WB first wants to know about forex reserves
World Bank has sought to know about Bangladesh's current economic situation, especially the state of forex reserve and inflation, ahead of providing $250 million in budgetary support.
A 10-member delegation of the international lender held a meeting in this regard with State Minister for Planning Shamsul Alam at his office in Dhaka yesterday.
"They wanted to know especially what we think about our foreign exchange reserves, whether the reserves will increase or decrease. Moreover, they want to know about the overall state of the macroeconomy," Alam told the media after the meeting.
The delegation also wanted to know the reasons behind the reserves falling below $48 billion and how Bangladesh can raise it, he said.
Besides, they wanted to know about the current status of inflation and steps taken to control it, he said.
Responding to the queries, Alam stated to have said, "We are facing challenges. But our situation is better than other South Asian countries."
"Our inflation has not increased as much as it was supposed to increase following the international market," he said.
The WB delegation also wanted to know about the reasons behind the reserves falling below $48 billion and how Bangladesh can raise it
"According to FAO (Food and Agriculture Organization) data, food prices have increased by 50 per cent. And in the case of inflation, the government has taken many steps in order to control it. We have reduced many imports," he added.
"In particular, our current account deficit and deficit in the balance of payments led to our reliance on reserves," said Alam.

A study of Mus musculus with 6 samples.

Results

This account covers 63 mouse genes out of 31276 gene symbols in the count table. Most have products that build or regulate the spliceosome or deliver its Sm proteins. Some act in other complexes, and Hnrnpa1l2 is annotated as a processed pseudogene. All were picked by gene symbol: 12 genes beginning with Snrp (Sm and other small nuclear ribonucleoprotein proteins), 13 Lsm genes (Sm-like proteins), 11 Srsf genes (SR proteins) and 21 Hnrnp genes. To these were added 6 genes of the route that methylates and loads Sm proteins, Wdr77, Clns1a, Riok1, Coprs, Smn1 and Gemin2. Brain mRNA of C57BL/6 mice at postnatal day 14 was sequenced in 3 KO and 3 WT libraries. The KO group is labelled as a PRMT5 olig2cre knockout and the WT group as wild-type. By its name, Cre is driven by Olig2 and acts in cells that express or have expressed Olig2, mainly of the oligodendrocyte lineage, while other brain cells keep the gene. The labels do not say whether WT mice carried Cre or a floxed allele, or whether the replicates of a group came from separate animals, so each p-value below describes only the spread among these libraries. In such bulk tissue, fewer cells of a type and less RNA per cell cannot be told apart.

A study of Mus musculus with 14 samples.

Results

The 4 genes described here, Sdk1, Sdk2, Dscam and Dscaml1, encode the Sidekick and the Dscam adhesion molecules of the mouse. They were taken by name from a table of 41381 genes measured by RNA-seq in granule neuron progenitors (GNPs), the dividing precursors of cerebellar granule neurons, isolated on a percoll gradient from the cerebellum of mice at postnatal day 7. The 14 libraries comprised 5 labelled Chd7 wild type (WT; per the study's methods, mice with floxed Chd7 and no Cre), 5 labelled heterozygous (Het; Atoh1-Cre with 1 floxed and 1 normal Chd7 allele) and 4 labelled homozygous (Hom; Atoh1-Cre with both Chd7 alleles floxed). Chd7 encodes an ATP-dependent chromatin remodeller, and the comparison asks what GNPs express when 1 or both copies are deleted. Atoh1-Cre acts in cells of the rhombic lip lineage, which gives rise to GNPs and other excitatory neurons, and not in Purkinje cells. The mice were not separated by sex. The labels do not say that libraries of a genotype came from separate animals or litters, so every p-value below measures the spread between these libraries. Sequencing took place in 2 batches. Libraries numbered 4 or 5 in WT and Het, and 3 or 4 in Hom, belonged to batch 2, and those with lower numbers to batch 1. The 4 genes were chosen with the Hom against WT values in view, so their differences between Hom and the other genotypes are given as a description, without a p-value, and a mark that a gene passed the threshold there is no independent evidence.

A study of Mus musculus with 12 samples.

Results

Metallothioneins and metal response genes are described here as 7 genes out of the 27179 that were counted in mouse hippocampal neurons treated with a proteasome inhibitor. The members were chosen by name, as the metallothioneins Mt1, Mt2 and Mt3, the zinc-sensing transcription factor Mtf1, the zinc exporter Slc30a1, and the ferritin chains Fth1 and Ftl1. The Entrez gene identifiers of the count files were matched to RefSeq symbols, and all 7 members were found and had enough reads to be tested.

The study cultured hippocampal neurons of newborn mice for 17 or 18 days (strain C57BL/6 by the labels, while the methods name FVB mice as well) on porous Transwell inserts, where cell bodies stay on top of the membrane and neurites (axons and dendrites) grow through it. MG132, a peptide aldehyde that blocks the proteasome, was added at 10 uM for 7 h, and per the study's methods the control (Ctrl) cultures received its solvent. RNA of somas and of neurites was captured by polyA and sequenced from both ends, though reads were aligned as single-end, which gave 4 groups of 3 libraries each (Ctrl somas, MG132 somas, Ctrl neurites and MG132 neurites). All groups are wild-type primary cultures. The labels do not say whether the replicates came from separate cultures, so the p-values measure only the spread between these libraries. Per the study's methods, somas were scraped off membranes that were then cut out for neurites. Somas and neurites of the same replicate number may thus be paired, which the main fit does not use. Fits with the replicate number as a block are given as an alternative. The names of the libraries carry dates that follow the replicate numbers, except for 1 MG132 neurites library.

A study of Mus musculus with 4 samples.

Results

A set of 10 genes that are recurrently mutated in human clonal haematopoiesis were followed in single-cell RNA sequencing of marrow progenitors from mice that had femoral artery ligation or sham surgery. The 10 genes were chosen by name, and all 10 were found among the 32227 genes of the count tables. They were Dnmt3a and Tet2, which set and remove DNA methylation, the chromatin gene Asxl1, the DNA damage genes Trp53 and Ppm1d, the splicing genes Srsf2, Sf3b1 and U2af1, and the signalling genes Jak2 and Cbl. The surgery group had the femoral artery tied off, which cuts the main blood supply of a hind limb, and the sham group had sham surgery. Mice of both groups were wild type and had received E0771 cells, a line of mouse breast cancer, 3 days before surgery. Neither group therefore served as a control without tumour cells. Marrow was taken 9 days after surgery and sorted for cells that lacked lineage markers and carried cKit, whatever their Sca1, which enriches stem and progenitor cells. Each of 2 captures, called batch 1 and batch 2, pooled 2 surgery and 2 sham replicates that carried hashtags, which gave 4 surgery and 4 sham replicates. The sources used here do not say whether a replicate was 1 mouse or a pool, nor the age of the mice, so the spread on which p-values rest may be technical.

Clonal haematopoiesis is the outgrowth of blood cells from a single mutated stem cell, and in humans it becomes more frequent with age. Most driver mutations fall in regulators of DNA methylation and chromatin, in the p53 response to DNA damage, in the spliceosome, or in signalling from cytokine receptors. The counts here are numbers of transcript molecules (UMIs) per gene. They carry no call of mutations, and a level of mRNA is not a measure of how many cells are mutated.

"But since July our overall condition is good. Because exports have increased by 25.31 per cent in the last two months since July. On the other hand, imports increased by 23 per cent," he said.
Remittance flow through official channels has also increased, he said, adding, "We have been receiving remittances of $2 billion per month for the last two months. We have never had $2 billion together in a month in the past."
Alam said they told the delegation that if this growth rate continued, remittance inflow would increase by about $25 billion by June 25.
"As exports are increasing, remittances are increasing and as we have been able to reduce import costs drastically, the overall performance of our economy is now in a relaxed state," the state minister started to have told the delegation.
On the meeting's talking points, Alam said they had also informed that Bangladesh has already reduced the value of the local taka several times to keep the exchange rate stable. "Now our economic situation is stable," he added.